Creating objects showing the same dexterity of Nature's product is extremely difficult. We have invented motors to move parts of objects and over time we have seen a shrinking of these motors but still achieving motion, strength and lightness mimicking a finger is still a dream. Problem is, shrinking motors is decreasing the strength and creating a system that can move in three directions like a finger can't be done with motors.
Researchers are experimenting with elastomers, sort of plastics, and are looking for ways to modify the elastomer shape, thus creating movement.
The challenge is to create a correct mix of elastomers in the appropriate architecture that would result in the desired shape change and hence the movements.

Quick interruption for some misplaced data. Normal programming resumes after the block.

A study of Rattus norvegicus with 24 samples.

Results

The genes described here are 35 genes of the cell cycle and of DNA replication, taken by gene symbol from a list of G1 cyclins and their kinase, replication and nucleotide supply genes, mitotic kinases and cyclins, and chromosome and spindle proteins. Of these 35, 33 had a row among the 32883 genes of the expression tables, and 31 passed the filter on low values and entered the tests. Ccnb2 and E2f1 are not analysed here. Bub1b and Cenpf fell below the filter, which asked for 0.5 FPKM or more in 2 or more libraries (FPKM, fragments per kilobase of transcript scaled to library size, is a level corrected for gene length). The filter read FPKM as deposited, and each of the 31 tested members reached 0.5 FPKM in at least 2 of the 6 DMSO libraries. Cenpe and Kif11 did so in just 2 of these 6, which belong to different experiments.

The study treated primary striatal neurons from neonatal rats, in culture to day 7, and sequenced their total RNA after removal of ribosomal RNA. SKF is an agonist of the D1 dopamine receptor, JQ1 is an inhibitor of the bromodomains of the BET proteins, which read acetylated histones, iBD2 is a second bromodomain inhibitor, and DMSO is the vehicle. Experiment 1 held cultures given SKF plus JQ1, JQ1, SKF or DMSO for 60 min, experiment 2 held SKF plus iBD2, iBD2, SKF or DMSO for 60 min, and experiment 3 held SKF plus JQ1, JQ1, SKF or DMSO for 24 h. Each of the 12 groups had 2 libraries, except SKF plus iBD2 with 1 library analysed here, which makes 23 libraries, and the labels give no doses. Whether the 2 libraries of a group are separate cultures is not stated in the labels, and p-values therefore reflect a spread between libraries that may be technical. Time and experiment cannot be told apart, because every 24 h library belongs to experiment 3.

At Cornell a team of researchers have developed a process to create an artificial tentacle by 3D printing the elastomers. A computer directs the 3D printer to create elastomers along three axes, longitudinal, transverse and helical. The 3D printer can accurately create antagonistic pair of pleated actuators in the three axes, something that would be impossible to do with normal construction methods. The elastomers material is commercially available, the innovation here is in the 3D printing process to create the needed architecture.
This is another example where a 3D printing process can create something that would be impossible using standard manufacturing processes.
The Cornell team feels this is the right path to create an artificial finger as prosthetic.However, it is likely that the first application will happen in robotics.